Where is God?

By Bill Lewellis
Jan. 11, 2016

In "Night," Elie Wiesel’s book about the horrors of living in a concentration camp, he tells about the night a young boy was hung. He didn’t weigh enough to die instantly. He struggled for life at the end of the rope. The other prisoners were forced to watch without being able to help.

Behind him, Wiesel heard a man ask: “Where is God now?” Wiesel heard a voice within him answer, “Where is He? Here He is. He is hanging here on the gallows."

During most of my days as a priest, whenever anyone in a especially tragic situation asked me, “Where is God?” I thought of this passage from "Night."

Where is God during any person’s suffering? God is suffering, weeping with them. God was jumping from the flames, out of the 80th floor of the Twin Towers. God was crying with the parents of young children when a gunman fatally shot 20 of them at the the Sandy Hook Elementary School in Newtown.

As God was with the Irish, Lithuanian, Slovak, Polish and Italian immigrants who were once spat upon and marginalized, so now God is with the Mexicans, Muslims, African-Americans, Hispanics and others who are rashly judged and marginalized today.

No answer we can give to this mystery is satisfactory. We still wonder. We still hurt. In my wonder, I like Elie Wiesel’s answer best.

Where was God when Jesus died on the cross? Suffering and dying with him. Where was God when the Jews experienced the tragic horrors of the Holocaust? Suffering and dying with them.

I favor this reflection so much more than the one offered in an Internet video I saw recently. It said that God is not with us because we, our culture or the laws of our land push God away.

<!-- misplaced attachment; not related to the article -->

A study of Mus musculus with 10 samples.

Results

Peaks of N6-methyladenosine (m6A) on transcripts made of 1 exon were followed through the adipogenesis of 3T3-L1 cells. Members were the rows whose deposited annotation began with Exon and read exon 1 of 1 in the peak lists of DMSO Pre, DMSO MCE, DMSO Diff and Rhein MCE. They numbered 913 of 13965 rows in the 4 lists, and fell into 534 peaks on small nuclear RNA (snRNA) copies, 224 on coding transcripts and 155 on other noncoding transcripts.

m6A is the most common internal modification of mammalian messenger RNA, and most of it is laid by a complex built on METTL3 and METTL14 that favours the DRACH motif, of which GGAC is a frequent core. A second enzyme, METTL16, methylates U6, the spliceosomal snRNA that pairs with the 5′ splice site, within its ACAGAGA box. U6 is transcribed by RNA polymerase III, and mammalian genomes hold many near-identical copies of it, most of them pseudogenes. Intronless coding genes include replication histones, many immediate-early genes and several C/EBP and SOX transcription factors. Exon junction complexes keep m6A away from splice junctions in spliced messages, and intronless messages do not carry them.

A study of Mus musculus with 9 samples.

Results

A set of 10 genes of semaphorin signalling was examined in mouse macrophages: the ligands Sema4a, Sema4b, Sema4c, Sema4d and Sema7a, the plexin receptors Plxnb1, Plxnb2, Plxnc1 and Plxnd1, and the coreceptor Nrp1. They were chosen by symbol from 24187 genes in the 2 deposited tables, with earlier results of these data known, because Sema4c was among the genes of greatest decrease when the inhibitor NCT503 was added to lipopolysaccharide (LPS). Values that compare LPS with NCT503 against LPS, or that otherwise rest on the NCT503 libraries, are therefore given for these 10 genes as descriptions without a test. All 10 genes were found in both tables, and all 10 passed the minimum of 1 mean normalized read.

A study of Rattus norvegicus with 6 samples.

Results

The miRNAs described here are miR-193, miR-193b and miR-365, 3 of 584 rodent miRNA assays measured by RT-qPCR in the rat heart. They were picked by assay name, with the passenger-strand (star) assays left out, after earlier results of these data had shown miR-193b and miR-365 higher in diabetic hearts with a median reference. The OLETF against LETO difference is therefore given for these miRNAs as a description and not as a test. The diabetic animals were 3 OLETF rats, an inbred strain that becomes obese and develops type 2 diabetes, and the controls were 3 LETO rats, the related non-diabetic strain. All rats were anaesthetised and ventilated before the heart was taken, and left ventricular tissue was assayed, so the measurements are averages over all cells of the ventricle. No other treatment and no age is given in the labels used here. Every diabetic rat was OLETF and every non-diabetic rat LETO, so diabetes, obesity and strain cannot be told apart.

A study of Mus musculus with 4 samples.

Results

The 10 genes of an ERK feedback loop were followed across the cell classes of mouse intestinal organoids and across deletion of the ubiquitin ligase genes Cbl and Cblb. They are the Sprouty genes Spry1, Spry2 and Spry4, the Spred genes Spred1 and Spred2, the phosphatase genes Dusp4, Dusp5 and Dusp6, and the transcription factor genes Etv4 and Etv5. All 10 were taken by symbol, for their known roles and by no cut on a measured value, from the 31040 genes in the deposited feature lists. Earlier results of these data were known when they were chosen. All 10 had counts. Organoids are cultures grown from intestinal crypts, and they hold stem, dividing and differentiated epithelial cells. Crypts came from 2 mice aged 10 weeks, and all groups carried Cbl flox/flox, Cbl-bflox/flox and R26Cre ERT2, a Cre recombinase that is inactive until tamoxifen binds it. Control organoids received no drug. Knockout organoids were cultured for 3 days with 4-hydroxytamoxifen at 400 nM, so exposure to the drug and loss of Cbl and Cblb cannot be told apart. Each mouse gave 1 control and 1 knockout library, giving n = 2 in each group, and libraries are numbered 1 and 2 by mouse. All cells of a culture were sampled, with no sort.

Francis struggles to answer crying girl's question about suffering

[National Catholic Reporter] Tearfully recounting a young life as yet spent forced to forage for food from garbage and to sleep outside on cardboard mats, 12-year-old Glyzelle Palomar had a simple but profound question for Pope Francis."Why did God let this happen to us?" the young Filipino asked, covering her face with her hands as she sobbed.Speaking on a stage in front of some 30,000 young people as part of a meeting between Francis and Filipino youth Sunday, Palomar's intense query visibly affected the pontiff.  

Putting aside a text he had prepared for the occasion in order to respond directly to the young woman, Francis answered her with a 40-minute reflection on the nature of suffering, love, and service."The nucleus of your question almost doesn't have a reply," the pontiff said at first, pain clearly etched on his face as he mentioned that he had seen her tears."Only when we too can cry about the things that you said are we able to come close to replying to that question," Francis continued.

"Why did children suffer so much?" he asked. "Why do children suffer?" "Certain realties in life we only see through eyes that are cleansed through our tears," Francis said. Read on.